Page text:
Ah, the State of the Union. Formalities and traditions galore. What fun. I always (read: never) enjoy the panning over the crowd and pointing out who does and doesn’t applaud after any given (read: every) remark given by the President. Thanks for that brilliant insight, CNN. Also, thanks for the scrolling news bits on the bottom of the screen during the speech. That’s why God gave us two eyes: one to watch the President and one to watch the (often meaningless) blurbs oozing across the lower portion of the screen. Also, thank you for telling us what he is going to say before he says it (damn White House spokespeople). Really kills the suspense.
It’s sad that every time I see President Obama get up to deliver a speech, I have a fear in the back of my head that he might possibly be assassinated. In other words, I don’t have much faith in the racial progress that “has been made” over the past decades.
All hail the almighty statistic. Thus far, Obama has relied heavily on numbers that stress the progress and effectiveness of programs. For example, Obama claims that the average American family will save $750 at the pump this year. Of course, this relies on many uncontrollable assumptions, such as constant prices in the global gasoline market, but who cares? It’s the State of the Union speech; it’s politicking.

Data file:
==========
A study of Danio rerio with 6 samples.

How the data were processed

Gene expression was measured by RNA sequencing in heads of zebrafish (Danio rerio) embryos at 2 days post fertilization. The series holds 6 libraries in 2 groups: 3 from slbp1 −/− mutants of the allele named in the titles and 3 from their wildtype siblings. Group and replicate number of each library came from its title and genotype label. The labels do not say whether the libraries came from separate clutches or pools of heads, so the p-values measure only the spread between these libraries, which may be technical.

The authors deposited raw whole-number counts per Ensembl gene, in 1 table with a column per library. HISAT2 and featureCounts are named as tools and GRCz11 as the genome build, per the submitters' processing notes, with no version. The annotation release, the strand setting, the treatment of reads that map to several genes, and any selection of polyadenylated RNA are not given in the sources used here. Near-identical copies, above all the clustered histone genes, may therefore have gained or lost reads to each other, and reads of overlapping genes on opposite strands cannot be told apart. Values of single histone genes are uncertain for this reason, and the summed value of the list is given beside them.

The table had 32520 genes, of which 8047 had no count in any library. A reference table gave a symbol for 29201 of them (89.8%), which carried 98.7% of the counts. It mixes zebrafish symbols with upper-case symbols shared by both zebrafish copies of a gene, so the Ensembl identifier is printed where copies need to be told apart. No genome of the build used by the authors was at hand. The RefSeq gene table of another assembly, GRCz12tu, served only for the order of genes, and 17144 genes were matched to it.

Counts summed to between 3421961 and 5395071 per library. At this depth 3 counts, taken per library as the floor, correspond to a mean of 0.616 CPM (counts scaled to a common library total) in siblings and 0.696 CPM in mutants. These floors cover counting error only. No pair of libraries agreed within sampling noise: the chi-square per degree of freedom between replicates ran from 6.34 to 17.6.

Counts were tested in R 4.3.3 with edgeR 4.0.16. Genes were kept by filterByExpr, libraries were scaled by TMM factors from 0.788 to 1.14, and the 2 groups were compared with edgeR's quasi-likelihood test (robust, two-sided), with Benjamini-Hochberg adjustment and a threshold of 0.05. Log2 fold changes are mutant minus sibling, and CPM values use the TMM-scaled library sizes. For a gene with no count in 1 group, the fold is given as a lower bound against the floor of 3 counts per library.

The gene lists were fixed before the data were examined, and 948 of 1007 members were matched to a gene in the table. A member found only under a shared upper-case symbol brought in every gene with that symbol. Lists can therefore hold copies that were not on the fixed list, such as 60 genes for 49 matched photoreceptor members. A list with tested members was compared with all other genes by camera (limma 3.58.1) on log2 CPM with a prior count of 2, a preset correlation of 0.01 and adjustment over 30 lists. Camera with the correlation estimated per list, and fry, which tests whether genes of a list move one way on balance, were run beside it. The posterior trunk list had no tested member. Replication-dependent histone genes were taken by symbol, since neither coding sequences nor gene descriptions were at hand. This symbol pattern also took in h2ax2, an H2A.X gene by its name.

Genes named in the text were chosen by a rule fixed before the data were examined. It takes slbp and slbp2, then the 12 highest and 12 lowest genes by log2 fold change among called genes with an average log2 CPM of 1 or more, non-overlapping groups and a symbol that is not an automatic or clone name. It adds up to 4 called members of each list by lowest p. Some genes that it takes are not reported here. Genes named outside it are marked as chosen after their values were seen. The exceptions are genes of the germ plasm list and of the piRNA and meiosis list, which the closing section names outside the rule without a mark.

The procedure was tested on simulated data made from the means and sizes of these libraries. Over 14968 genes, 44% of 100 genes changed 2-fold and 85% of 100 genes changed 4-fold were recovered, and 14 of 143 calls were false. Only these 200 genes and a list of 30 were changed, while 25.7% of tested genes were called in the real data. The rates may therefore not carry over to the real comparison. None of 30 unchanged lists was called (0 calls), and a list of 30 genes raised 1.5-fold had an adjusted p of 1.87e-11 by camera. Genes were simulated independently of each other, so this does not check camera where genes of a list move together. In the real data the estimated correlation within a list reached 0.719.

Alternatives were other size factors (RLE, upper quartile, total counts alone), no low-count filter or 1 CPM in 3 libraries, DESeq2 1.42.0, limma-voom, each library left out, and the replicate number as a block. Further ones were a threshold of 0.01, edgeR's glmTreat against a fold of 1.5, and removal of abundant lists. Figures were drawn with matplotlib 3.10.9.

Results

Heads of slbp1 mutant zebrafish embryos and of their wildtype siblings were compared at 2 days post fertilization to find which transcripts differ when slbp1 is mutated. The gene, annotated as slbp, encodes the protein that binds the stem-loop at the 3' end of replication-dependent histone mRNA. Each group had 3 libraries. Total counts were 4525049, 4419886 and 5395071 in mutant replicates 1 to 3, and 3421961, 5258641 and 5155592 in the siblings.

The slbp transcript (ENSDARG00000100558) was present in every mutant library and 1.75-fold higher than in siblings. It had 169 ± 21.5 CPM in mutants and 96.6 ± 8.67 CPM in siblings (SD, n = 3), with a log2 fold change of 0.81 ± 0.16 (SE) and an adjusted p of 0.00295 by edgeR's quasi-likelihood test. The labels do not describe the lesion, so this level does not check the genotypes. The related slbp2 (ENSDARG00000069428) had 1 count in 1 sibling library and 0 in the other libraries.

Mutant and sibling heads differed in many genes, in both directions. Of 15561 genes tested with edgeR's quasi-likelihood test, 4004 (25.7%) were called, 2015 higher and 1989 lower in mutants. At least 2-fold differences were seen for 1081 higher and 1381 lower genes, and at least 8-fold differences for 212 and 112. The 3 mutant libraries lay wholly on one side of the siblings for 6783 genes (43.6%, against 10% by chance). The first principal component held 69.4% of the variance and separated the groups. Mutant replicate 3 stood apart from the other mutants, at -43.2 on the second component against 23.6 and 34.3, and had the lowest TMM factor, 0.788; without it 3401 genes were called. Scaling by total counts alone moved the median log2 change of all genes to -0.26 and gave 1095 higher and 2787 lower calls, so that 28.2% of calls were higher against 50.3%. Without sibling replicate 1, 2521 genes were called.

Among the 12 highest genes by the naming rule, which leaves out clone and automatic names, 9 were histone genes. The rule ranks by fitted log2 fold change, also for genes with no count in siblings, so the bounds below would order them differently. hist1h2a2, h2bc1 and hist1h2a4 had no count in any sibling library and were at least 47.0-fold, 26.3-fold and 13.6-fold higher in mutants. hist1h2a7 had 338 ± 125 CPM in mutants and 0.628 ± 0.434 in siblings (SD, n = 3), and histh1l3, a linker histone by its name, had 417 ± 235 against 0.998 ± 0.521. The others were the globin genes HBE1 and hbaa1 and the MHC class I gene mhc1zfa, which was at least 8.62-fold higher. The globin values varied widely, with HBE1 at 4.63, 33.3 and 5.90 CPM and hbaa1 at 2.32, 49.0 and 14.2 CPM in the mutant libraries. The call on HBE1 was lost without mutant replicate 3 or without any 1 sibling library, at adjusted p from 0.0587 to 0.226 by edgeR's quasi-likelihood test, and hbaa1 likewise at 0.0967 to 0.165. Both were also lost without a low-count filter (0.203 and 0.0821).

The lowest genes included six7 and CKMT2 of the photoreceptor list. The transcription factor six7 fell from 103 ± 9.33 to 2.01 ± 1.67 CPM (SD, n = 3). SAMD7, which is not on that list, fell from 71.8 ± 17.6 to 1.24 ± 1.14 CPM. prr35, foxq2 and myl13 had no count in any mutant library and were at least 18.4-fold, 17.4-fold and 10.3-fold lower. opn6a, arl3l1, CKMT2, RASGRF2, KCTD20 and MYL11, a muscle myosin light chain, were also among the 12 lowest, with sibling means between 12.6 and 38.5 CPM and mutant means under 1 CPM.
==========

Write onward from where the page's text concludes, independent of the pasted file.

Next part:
Also, Obama early on introduced his token family, (the Millers. I believe) which will serve as a credibility-building basis for many of his economic arguments — an anecdote machine, if you will.
Obama stresses the role of government as ensuring everyone a fair shot at success, a blend of modern liberalism and the American Dream.
It’s interesting that just now Obama is beginning to flex his executive authority by vetoing any unsavory legislation — he played politics so much in the first years of his presidency that he could not assert his own values.
In discussion of climate change, Obama reminds us that he himself is not an authority of climate science, but that he is well informed by scientists.
Additionally, Obama’s concluding remarks tied into themes he mentioned early in the speech, such as the American people being “a tight-knit family” that had made it through “some very, very tough times”. A+, speechwriter (not Curt Smith).